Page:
A bull elk that frequented pastures near Ellensburg, Washington, was killed by a hunter under suspicious circumstances in 2015. Some locals called the elk
A bull elk that frequented pastures near Ellensburg, Washington, was killed by a hunter under suspicious circumstances in 2015. Some locals called the elk "Bullwinkle." (Courtesy photo)

HUNTING -- An Oct. 14 court date has been set for the wealthy Washington hunter accused of shooting a well-known Ellensburg trophy bull in an area closed to hunting branch-antlered elk.

Kittitas County District Court Judge Jim Hurson last week denied a second motion to dismiss the case of a Salkum man who faces charges for illegally shooting the somewhat tame bull elk some locals called Bullwinkle.

However, the trial date already has been postponed, potentially giving the hunter a chance to use expensive elk tags he purchased at auction this year.  If convicted of the charges, he would lose hunting privileges.

Tod Reichert, 76, is charged with second-degree unlawful hunting of big game, a gross misdemeanor, which can carry the possibility of fines and a two-year suspension of his hunting privileges. He has pleaded not guilty, reports Julia Martinez of the Daily Record in Ellensburg.

Spokane-based attorney for Reichert, Stephen Hormel, filed a motion to dismiss based on prosecutorial mismanagement. The key witness in Reichert’s case, David Perkins, faces charges of second-degree aiding and abetting, or as a principal, with unlawful hunting.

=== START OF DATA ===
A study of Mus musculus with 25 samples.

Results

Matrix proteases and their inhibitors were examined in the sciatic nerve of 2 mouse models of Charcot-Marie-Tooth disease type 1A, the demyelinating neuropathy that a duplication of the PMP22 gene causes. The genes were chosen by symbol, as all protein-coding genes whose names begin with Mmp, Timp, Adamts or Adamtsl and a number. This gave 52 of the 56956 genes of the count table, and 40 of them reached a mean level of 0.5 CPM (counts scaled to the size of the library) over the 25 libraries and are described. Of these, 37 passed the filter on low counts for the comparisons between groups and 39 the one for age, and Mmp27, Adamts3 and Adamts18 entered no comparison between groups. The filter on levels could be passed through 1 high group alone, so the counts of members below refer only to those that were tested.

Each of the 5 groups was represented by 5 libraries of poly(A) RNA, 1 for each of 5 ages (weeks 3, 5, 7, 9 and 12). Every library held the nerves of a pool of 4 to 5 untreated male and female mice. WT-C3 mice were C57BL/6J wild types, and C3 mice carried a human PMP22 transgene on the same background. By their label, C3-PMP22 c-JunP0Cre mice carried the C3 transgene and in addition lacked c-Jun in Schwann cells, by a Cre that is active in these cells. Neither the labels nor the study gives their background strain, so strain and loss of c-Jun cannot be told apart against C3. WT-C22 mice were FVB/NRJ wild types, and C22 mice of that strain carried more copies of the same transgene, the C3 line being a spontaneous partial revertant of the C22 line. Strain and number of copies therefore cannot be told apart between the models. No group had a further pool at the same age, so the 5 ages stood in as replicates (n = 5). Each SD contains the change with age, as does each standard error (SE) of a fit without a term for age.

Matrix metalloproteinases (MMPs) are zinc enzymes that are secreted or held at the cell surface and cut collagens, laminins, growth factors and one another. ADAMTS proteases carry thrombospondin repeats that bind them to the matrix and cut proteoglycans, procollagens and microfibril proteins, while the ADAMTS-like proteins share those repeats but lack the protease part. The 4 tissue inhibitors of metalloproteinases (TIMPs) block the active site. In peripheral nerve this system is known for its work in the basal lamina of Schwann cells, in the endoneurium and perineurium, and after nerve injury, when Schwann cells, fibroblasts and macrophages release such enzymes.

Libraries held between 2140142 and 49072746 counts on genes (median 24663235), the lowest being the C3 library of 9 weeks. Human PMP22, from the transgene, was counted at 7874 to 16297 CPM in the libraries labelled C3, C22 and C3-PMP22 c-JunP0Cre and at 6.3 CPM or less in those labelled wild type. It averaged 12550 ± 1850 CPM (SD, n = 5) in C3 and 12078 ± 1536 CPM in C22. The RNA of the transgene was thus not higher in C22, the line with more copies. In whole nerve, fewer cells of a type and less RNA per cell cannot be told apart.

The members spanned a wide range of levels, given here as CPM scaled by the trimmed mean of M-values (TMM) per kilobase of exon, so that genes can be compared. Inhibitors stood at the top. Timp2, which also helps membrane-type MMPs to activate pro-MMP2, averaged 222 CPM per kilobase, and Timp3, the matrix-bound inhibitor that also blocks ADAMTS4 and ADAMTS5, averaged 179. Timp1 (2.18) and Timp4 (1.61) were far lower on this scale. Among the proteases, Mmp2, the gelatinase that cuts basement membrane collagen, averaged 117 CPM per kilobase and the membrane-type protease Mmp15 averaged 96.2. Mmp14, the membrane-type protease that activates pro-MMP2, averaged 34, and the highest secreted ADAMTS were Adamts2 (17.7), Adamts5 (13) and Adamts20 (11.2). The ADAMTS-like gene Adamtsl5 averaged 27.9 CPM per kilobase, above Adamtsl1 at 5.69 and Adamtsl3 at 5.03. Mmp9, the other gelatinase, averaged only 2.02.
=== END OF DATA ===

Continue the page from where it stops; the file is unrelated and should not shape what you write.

Perkins is a local hunting guide and Reichert’s hunting companion. Reichert is considered a disabled hunter and is allowed to have a companion hunter.

The act of charging Perkins, Hormel wrote, prevents Reichert from using Perkins as a primary witness. According to court documents, Perkins was going to testify that he called the Washington Department of Fish and Wildlife to obtain permission to harvest the bull.

The elk was well known in the Fairview District near Ellensburg, and was known to wander around hay fields and yards. The case has attracted statewide attention.

Hurson said he did not find any prejudice on behalf of the state prosecution and denied the motion.

“Another way of looking at it is that by filing against Mr. Perkins, it now makes it so Mr. Reichert can clearly bring his defense by calling Mr. Perkins if the cases are joined or if Perkins’ case goes first,” Hurson said.

Without a prosecution, Hurson said, there is a chance that Perkins would invoke his Fifth Amendment right to remain silent and not incriminate himself.

“I know that seems like an odd twist in the whole thing,” Hurson said, adding that Perkins’ prosecution will help Reichert present his case

Rich Landers
Rich Landers joined The Spokesman-Review in 1977. He is the Outdoors editor for the Sports Department writing and photographing stories about hiking, hunting, fishing, boating, conservation, nature and wildlife and related topics.